NEW YORK (BLOOMBERG) – The European Union is threatening to slap tariffs on Asian leaders who abuse their power, a move that risks upending several key garment-producing nations in the region.
Last month, the EU told Cambodia it would start the process of withdrawing tariff-free access for most goods under the “Everything But Arms” initiative, saying its July election was “marked by harassment and intimidation”.
The bloc is threatening to do the same for Myanmar due to genocide allegations, and a Reuters report said Sri Lanka may be next on the list.
If the EU follows through, the moves risk hurting garment sectors that employ nearly two million labourers, most of whom are women. In all three countries, the initiative has made the EU as one of their biggest export markets for garments, generating billions of dollars in revenues annually.
Human rights activists have applauded the EU, which is increasingly taking a leadership role on humanitarian issues from a more inward-looking US under President Donald Trump.
At the same time, some in the business community see the moves as counterproductive, and analysts doubt they will lead to major changes.
China, in particular, could step in to offset any export losses from nations hit with new EU tariffs, according to Mr Murray Hiebert, a senior associate of the South-east Asia Programme at the Centre for Strategic and International Studies in Washington.
“Putting pressure on governments to respect human rights is very important, but to use sanctions as one size fits all will risk marginalising the EU in giant swaths of Asia,” Mr Hiebert said.
“The best the EU can hope for is that it will feel better about punishing gross violations of human rights.”
Sri Lanka has also suddenly come under scrutiny after the President abruptly fired the prime minister, triggering a political crisis that has yet to be resolved. The country’s garment sector employs some 600,000 people and accounts for about a third of manufacturing employment.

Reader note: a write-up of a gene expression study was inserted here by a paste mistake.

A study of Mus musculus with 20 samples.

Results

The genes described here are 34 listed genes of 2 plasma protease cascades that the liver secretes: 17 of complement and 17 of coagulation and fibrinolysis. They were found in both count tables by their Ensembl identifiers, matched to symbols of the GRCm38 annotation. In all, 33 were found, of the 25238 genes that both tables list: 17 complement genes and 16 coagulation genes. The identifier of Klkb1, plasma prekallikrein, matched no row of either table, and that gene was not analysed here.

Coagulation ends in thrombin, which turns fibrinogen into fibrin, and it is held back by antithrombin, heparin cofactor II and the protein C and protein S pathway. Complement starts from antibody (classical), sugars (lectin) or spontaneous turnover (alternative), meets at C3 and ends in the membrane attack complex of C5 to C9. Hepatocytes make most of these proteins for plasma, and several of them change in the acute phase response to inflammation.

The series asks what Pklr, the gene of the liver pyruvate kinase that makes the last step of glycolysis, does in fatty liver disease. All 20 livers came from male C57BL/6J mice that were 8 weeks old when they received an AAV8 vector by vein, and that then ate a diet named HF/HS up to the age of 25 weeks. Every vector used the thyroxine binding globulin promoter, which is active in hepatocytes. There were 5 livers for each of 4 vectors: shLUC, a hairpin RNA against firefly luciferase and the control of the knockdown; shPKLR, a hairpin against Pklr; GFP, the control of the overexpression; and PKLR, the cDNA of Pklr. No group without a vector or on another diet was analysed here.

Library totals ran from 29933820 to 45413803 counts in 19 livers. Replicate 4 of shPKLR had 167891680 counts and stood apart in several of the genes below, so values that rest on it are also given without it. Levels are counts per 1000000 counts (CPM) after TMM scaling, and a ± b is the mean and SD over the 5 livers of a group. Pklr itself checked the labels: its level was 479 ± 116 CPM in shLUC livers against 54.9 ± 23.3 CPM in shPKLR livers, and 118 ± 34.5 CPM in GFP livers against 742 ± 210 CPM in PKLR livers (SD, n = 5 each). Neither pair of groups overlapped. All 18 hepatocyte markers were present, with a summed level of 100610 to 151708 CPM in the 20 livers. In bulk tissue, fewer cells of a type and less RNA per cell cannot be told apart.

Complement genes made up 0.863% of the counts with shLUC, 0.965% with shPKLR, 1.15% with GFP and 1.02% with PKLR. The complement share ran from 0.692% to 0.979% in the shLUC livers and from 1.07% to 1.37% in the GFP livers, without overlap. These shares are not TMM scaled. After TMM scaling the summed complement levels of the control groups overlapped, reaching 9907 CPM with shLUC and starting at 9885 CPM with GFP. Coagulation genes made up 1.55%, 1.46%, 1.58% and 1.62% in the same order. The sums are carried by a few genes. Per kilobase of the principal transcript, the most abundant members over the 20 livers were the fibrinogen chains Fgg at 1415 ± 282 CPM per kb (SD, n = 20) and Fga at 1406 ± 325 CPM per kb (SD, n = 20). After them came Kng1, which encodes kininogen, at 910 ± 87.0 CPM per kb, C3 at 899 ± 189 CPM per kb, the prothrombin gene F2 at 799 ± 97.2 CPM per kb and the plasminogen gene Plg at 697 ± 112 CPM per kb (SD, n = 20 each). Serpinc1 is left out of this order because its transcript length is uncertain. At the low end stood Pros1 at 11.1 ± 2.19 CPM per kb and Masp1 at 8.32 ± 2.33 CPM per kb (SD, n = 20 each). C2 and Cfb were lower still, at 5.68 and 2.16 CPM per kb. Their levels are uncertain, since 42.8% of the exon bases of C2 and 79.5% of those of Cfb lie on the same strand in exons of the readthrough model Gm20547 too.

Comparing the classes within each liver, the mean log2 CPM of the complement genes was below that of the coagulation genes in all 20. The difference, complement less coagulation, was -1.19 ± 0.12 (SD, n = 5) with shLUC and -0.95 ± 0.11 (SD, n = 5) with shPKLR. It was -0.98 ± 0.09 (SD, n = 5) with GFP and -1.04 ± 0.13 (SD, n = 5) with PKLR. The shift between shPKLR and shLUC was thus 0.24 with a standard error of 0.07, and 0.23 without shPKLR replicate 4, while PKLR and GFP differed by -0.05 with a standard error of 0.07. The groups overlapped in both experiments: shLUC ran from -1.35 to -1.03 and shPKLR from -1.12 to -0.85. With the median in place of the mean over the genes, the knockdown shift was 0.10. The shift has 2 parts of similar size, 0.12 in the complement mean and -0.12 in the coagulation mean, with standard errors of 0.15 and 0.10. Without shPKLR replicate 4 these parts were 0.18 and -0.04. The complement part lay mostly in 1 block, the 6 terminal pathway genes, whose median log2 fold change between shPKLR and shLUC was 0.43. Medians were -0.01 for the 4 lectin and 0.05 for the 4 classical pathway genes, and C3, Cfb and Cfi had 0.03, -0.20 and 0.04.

Mr Tung-Lai Margue, the EU ambassador to Sri Lanka, told Reuters last week the bloc would consider withdrawing duty-free tariff benefits if the government wasn’t meeting its commitments. The embassy declined to comment when contacted.
The situation is more worrying for Cambodia and Myanmar.
In Myanmar in particular, the news is a setback for many foreign companies that moved in after the country transitioned to democracy from military rule over the past decade. EuroCham Myanmar said the move may put as many as 450,000 of the country’s garment workers out of a job within four years.
Some European companies have indicated they would move their operations to Africa or other nations if the EU puts tariffs on Myanmar goods, according to Mr Filip Lauwerysen, the executive director at Eurocham Myanmar and Secretary-General of the European Business Organisations Network.
The bloc has “completely lost any sense on how to address these issues”, Mr Lauwerysen said. “Myanmar is heavily backed by China and Russia and there is not much we in Europe can do with our current status in the global landscape of things.”
Preferential exports to the EU from Myanmar have more than doubled in recent years to US$1.48 billion (S$2.03 billion) in 2017, according to EU data.
Mr Aung Ko Ko, an independent economist who also sits on the ruling NLD party’s economic committee, said that Myanmar had not done anything wrong and was confident the EU wouldn’t stop preferential treatment.
“Myanmar isn’t doing any harmful actions to EU members,” he said, noting the government has invited European officials to see the “true story”.
In Cambodia, the garment sector is by far its biggest export, a US$5 billion industry that employs about 750,000 Cambodians.
Prime Minister Hun Sen, whose party won every seat in a July election boycotted by the main opposition party, has struck a defiant tone toward the EU and failed to win a reprieve from the bloc in talks last month.
In an Oct 20 letter to the trade commissioner of the European Commission, the Garment Manufacturers Association in Cambodia said a suspension of duty-free access or unilateral sanctions would hurt garment workers and their families.
“All the progress that Cambodia has achieved over the past two decades through the efforts of all stakeholders, including development partners like the EU, could be destroyed very quickly,” it said.
Mr Eric Tavernier, the chief executive officer of textile firm We Group Ltd. which has a factory that employs about 700 workers in the Cambodian coastal town of Sihanoukville, said the subsequent EU tax burden would likely mean the end of his business there.
“Cambodia is going to face some stiff competition from elsewhere now that they are no longer the cheapest option,” he said.
Still, he understands why they acted.
“Why should we keep helping countries if they don’t follow basic democratic rules?”